Tokyo Cherry Blossom Festival Draws Crowds Despite Coronavirus Warnings
It seemed like the perfect day for viewing the stunning flower-filled trees.
With warm temperatures and the sun out, crowds of people strolled under the cherry blossoms and spread out picnic blankets in Tokyo's Yoyogi Park last weekend, all but ignoring the posted signs warning of the dangers of COVID-19 spreading.
Near one of the tall white signs, two pairs of young women stood together and took selfies under the canopy of flowers, oblivious to the warnings.
Though Japan hasn't seen explosive infection rates like China or Italy, medical experts question the effectiveness of testing in Japan and infectious disease specialists worry that the Japanese are not taking the virus seriously.
On Tuesday, after athletes and sporting federations around the world called for the games to be postponed because of the COVID-19 pandemic, Japanese Prime Minister Shinzo Abe said the Tokyo Summer Olympics would be delayed by up to a year.
In recent weeks, public gatherings have been discouraged all across Japan. Sporting events played out to empty stadiums behind closed doors, and the Tokyo Marathon was run with few spectators.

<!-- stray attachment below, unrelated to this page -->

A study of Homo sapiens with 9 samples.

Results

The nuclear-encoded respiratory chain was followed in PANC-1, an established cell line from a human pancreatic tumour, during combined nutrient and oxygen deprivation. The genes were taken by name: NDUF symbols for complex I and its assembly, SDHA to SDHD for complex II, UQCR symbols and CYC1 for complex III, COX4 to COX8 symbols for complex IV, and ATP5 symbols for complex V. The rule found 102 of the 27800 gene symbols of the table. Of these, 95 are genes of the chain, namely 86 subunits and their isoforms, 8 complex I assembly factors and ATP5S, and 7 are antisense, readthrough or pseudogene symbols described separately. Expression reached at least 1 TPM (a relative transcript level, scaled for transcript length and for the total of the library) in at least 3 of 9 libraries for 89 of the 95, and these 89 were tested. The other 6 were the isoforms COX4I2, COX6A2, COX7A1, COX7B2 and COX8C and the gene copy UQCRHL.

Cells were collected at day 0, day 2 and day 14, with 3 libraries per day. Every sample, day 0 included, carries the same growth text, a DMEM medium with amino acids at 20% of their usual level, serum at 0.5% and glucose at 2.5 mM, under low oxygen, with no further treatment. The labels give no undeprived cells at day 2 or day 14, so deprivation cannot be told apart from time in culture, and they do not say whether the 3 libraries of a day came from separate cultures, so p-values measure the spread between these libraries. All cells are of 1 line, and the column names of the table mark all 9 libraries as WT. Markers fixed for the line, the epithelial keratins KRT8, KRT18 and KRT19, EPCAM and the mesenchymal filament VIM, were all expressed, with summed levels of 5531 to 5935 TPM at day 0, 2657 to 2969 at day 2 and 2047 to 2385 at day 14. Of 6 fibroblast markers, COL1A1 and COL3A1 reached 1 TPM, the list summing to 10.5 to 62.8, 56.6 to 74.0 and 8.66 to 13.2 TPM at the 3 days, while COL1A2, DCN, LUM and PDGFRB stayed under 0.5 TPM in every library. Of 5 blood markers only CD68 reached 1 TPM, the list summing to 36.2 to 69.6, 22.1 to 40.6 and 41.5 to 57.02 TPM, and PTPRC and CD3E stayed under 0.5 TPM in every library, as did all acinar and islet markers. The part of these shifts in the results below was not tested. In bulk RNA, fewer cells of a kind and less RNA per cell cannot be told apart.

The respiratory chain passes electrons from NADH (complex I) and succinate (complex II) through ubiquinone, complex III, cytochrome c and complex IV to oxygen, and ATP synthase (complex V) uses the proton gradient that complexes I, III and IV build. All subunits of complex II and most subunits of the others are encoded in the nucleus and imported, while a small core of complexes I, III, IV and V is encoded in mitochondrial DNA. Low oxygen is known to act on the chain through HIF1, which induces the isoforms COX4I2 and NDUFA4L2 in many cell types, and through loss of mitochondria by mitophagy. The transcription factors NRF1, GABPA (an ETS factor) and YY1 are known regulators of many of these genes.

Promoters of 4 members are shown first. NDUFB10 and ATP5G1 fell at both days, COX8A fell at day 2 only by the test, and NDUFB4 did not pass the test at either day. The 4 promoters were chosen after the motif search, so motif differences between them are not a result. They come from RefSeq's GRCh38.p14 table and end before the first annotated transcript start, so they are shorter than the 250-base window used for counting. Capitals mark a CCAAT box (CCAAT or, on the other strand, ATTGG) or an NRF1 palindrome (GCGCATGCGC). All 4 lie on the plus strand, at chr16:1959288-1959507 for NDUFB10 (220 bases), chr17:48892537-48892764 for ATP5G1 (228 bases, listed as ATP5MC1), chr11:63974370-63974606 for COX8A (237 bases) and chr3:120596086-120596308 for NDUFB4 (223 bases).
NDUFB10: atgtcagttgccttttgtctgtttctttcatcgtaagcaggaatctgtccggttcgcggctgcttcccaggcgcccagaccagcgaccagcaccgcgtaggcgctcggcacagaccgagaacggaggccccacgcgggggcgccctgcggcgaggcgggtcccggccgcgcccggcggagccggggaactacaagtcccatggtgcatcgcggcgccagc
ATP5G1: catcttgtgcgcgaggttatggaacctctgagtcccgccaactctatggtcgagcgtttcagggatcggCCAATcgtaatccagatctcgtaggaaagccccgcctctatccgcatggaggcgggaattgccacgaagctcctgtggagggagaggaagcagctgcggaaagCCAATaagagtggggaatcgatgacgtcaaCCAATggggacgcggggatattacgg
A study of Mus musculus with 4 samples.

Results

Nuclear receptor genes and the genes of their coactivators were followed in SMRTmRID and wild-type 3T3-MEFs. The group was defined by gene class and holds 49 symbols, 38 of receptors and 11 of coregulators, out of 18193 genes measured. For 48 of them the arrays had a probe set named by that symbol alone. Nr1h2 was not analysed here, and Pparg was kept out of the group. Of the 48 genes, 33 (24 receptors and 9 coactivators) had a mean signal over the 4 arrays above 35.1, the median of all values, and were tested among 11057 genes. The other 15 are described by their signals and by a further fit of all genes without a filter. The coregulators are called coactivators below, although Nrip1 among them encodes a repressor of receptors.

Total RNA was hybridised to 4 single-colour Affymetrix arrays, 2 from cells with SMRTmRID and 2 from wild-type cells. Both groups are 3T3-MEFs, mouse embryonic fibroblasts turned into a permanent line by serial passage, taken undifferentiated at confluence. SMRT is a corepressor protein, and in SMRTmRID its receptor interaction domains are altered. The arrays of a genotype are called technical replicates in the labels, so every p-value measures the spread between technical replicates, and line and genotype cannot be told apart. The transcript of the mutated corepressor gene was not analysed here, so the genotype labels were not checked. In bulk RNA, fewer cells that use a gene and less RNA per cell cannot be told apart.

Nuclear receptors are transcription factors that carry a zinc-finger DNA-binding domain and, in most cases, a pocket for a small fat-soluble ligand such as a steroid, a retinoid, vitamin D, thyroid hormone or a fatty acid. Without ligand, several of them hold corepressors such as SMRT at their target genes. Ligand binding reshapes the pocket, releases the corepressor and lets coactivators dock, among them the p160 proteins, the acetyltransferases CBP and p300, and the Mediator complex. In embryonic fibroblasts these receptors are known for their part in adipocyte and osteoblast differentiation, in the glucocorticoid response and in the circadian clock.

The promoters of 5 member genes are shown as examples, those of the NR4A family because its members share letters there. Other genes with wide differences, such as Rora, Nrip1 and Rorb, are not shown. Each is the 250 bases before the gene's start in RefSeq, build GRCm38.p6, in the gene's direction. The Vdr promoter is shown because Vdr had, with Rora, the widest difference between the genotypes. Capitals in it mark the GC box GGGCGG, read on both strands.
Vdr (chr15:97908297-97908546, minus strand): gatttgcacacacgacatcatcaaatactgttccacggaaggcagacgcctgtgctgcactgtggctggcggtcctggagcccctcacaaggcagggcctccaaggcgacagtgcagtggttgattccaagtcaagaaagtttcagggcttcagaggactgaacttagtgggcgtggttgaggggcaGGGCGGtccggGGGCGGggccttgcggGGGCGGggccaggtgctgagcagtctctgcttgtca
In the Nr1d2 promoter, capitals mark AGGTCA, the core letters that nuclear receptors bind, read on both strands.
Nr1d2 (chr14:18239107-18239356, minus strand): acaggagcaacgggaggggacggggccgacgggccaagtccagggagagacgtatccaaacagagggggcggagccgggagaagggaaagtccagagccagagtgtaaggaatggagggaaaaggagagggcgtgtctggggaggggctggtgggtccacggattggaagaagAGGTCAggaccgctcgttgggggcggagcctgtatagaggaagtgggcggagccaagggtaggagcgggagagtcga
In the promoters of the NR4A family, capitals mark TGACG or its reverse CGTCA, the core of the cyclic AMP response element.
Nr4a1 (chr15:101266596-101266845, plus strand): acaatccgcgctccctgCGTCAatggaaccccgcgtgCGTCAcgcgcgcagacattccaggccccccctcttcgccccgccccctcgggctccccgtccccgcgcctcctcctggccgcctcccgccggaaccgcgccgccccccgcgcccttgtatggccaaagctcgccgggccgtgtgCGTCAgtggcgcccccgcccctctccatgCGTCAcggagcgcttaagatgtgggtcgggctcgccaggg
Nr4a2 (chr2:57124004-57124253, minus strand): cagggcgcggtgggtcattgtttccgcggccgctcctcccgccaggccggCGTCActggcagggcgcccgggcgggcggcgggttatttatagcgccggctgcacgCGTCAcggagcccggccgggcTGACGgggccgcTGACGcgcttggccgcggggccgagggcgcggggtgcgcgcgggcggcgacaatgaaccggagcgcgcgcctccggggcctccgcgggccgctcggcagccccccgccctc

But the country seems to be coming back to life. Schools are expected to reopen in the next few weeks, and Japan's tradition of cherry blossom viewing, or Hanami, drew many to parks around the city.
Large groups of picnickers on plastic mats enjoyed snacks and sake under the trees with friends and family, as pink petals occasionally drifted down on them from above.
But amid the air of excitement and normalcy, with children and dogs running around, and smartly dressed people posing for photos in front of the flowers, the number of confirmed COVID-19 cases in Japan crept up as 47 new infections were reported on Sunday.
The cherry blossom season is normally an economic boom for Japan, drawing upwards of 8 million foreign tourists last year alone. This year's global pandemic has already decreased tourism significantly, at a pace that suggests it may be as bad as after the 2011 earthquake, tsunami and nuclear disaster in northeastern Japan.